Practicing Emotional Balance

Like many people I know, I’ve dealt with depression and anxiety at various points in my life. We’re not alone. The World Health Organization has stated that by the year 2030, depression and anxiety will be our number-one global disease burden, second only to AIDS. It’s a staggering statistic.

To cope, some turn to psychotherapy or medication; some use both. I’ve never tried medication, but am quite familiar with talk therapy. The process has provided me with a lot of insight, but an insufficient amount of change. I often think I’m largely to blame, but that might not be true.

“Most of us have a well-developed capacity for mental insight,” says psychologist and integrative yoga therapist Bo Forbes. “But mental understanding alone doesn’t typically create change—sometimes it even interferes with it. For change to occur, we need new, embodied experiences that differ from our default ones.”

Bo says depression and anxiety don’t just exist in the mind: “We can think of them as patterns that exist in each part of our mind-body network, which includes the autonomic nervous system, enteric nervous system, immune system, pain pathways, connective tissue matrix, and emotional regions of the brain,” she says.

And balancing the nervous system is always the first step on the road to emotional balance, she notes.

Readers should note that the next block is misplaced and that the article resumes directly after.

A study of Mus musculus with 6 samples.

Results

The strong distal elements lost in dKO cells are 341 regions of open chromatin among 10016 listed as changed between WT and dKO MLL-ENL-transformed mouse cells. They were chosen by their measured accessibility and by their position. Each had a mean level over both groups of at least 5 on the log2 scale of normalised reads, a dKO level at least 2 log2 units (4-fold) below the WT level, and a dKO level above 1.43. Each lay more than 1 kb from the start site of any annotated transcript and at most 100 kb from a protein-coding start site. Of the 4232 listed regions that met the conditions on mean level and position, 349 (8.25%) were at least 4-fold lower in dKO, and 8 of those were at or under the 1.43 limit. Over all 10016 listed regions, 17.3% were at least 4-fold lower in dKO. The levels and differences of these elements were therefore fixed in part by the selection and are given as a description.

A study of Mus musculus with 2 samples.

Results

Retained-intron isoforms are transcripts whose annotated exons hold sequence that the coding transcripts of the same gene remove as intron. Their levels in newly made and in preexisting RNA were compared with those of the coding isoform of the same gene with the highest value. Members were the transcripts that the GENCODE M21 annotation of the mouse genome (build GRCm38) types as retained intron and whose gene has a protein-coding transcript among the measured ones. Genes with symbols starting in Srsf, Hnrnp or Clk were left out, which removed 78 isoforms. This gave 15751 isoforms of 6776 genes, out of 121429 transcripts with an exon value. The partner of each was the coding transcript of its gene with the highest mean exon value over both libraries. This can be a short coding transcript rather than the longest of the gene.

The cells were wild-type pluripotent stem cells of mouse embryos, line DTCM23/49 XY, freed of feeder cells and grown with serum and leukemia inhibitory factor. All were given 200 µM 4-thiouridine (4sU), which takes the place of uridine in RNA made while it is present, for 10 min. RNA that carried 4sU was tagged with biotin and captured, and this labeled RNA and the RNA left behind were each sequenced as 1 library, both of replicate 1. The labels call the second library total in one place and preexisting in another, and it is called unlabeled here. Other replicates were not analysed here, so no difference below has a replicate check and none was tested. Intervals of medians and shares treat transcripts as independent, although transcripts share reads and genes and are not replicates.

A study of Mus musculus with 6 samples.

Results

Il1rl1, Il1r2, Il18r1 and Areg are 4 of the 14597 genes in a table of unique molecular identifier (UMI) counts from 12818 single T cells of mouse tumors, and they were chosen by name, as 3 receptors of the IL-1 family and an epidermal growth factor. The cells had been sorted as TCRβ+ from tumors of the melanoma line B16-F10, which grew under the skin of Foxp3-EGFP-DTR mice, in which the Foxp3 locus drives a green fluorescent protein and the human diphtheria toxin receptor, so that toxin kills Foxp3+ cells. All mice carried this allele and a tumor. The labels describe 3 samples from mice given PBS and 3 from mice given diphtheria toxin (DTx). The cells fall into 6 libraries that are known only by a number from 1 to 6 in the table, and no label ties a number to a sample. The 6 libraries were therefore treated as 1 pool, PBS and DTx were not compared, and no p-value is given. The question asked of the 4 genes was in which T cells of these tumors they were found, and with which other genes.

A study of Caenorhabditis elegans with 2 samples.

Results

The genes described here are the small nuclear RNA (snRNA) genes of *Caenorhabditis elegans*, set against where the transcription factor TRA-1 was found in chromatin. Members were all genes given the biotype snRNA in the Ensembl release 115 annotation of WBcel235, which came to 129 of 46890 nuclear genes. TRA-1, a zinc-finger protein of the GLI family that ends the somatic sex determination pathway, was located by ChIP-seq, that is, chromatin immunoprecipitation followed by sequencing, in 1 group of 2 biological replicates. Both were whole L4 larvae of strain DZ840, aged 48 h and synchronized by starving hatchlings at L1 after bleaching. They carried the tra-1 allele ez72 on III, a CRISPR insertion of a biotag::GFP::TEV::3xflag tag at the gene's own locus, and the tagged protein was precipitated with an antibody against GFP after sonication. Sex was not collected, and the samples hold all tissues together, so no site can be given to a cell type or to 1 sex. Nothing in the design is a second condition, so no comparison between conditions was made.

That’s where yoga comes in. It can be a powerful antidote to depression and anxiety because it has the capacity to address all the elements of the mind-body network, rewiring the emotional brain and balancing the nervous system.

The style of yoga we choose or the particular postures we practice matter less than how we practice, according to Bo. Apparently, emerging research in affective (emotional) neuroscience shows that three tools have demonstrated high levels of efficacy in alleviating anxiety and depression: mindfulness, self-compassion, and interoception (a type of body awareness that attends to the fluctuations of momentary bodily sensations).

“Breath-centered movement is extremely helpful for taking mindfulness into the body, and slowing down the practice—in particular the transitions between the poses—increases mindfulness and interoception,” Bo says.

Then there’s the question of how often one needs to practice in order to experience noticeable results. “Science tells us that a 60- to 90-minute class several times a week doesn’t influence change as much as we might think,” Bo says. Incorporating more tools from yoga and mindfulness off the mat, at regular intervals throughout the day, may be more beneficial in rewiring our minds, brains, and bodies in subtle yet profound ways.

Bo suggests “emergency yoga” (interventions that can be practiced during moments of high stress); easy, quick “maintenance” practices that can be done at various intervals throughout the day; and longer sequences of postures linked by breath and interoception.

“I truly believe we are what we practice,” she says. “We want to use these tools even when we’re feeling great, so we have a set of well-developed and effective interventions for when things get tough.”

Portland Helmich is the creator, host, and producer of the Kripalu Perspectives podcast series. She has been investigating natural health and healing as a host, reporter, writer, and producer for more than 15 years.